SAN DIEGO — National Park Week kicks off Saturday, with some of the country’s most spectacular wilderness areas available to explore free of charge.
Joshua Tree National Park, just a three-hour drive northeast of downtown San Diego, is the closest park for locals looking to take advantage of the deal.
Joshua Tree park passes start at $15 for individuals and $30 for vehicles, so this is a nice opportunity to adventure on the cheap. A park spokesperson said that rangers will be at entrances to welcome people into the reserve and answer any questions. Until you enter and exit the park again, you likely won’t be asked for a pass.
Never been to this unique slice of Southern California desert? Here’s what you need to know.
When to visit Joshua Tree
Here’s more good news: The free visits available Saturday — and the special events planned for the ensuing National Park Week — come at the park’s recommended time for visitors.
This is the desert, so the weather is most comfortable in spring and fall, considering the average high temperature still reaches about 85 degrees. At the same time, you avoid the coldest desert evenings, with average lows coming in at around 50 degrees.
You’ll also breathe better air during the spring. When temperatures soar in the summer, the area can experience poor air quality, according to the National Park Service. Joshua Tree has an air monitoring page that updates with the latest data, so if you’re sensitive, you can check before you go. As of Thursday, the Ozone Air Quality Index was listed as Good.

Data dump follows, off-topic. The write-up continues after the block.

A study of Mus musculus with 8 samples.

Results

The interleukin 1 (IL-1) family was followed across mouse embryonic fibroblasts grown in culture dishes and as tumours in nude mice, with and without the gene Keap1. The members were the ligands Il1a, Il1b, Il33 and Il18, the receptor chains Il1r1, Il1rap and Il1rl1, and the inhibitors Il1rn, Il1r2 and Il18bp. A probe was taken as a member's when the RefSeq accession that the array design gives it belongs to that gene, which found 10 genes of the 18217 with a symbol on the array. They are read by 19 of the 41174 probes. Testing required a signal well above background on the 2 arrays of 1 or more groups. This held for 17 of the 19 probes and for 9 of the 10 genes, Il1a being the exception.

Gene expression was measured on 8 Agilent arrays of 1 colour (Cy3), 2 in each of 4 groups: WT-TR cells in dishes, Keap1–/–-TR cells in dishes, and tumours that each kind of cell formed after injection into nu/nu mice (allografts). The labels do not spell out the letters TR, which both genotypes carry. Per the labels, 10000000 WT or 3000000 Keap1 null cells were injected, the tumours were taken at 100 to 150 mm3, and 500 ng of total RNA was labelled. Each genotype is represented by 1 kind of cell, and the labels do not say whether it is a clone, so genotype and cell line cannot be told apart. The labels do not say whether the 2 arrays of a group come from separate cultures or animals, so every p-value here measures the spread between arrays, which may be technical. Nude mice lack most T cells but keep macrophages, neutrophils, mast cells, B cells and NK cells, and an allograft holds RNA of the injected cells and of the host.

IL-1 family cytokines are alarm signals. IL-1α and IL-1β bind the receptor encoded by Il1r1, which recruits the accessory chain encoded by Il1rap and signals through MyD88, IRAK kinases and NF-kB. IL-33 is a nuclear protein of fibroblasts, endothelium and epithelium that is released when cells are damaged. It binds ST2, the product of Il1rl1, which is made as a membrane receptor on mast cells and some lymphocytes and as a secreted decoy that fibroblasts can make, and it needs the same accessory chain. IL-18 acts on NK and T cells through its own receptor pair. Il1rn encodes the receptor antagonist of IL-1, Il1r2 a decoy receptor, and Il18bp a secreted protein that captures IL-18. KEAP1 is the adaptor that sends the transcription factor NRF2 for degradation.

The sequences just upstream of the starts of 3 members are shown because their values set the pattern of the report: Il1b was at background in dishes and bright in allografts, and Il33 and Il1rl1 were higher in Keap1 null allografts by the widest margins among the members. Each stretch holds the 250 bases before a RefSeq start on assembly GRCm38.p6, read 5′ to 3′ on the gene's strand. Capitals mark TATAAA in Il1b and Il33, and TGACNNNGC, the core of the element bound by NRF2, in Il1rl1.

Joshua Tree is no “secret spot” and the park spokesperson warned that this is typically the busiest time of the year there. Don’t let that discourage you from heading out to the park — just keep in mind that you won’t have the place to yourself.
What to do in Joshua Tree
Rangers like to say that the park is “where two deserts meet,” bringing together the unique ecosystems of the Mojave and the Colorado. The park isn’t full of facilities — it’s 800,000 acres of largely open wilderness, dotted by rock formations and the iconic Joshua Trees from which the park takes its name.
Check out the Joshua Tree hiking guide and pick your path. There’s everything from short nature walks to moderately challenging trails and hikes hard enough that you are strictly advised to avoid them in hot conditions.
Stargazing in the desert is second-to-none. You’ll see “a glittering dome peppered with stars, planets, and passing meteors,” as the national park’s website poetically details. Joshua Tree has some of the darkest skies in Southern California, giving many visitors a chance to see the Milky Way with the naked eye for the first time.
How about sporting activities? If you have a rock climber in your life, you already know that Joshua Tree is among the most popular spots in the state. Climbing, bouldering, highlining and slacklining are all permitted in the desert’s rocky outcrops. Guides can give you a day class or tour if you’re a beginner — just make sure they are permitted to work within the park. You’re also urged to Leave No Trace.
Staying the night? The park is home to 10 campgrounds with accommodations suited for everyone from backpackers to tent campers and RV travelers.
The park shares the following safety tips:
- There is no cell service throughout the park — communicate your travel plans ahead of time.
- Always keep plenty of water with you, whether driving or hiking. Rangers recommend a minimum of one gallon of water per person, per day; hikers and cyclists should carry two gallons per person, per day.
- Protect yourself from the sun by wearing sunscreen, sunglasses, and a hat.
If you’re looking for something closer to home this weekend, keep in mind that Cabrillo National Monument in Point Loma is also part of the federal parks system, so you can visit the tidepools, lighthouse and statue there for free on Saturday.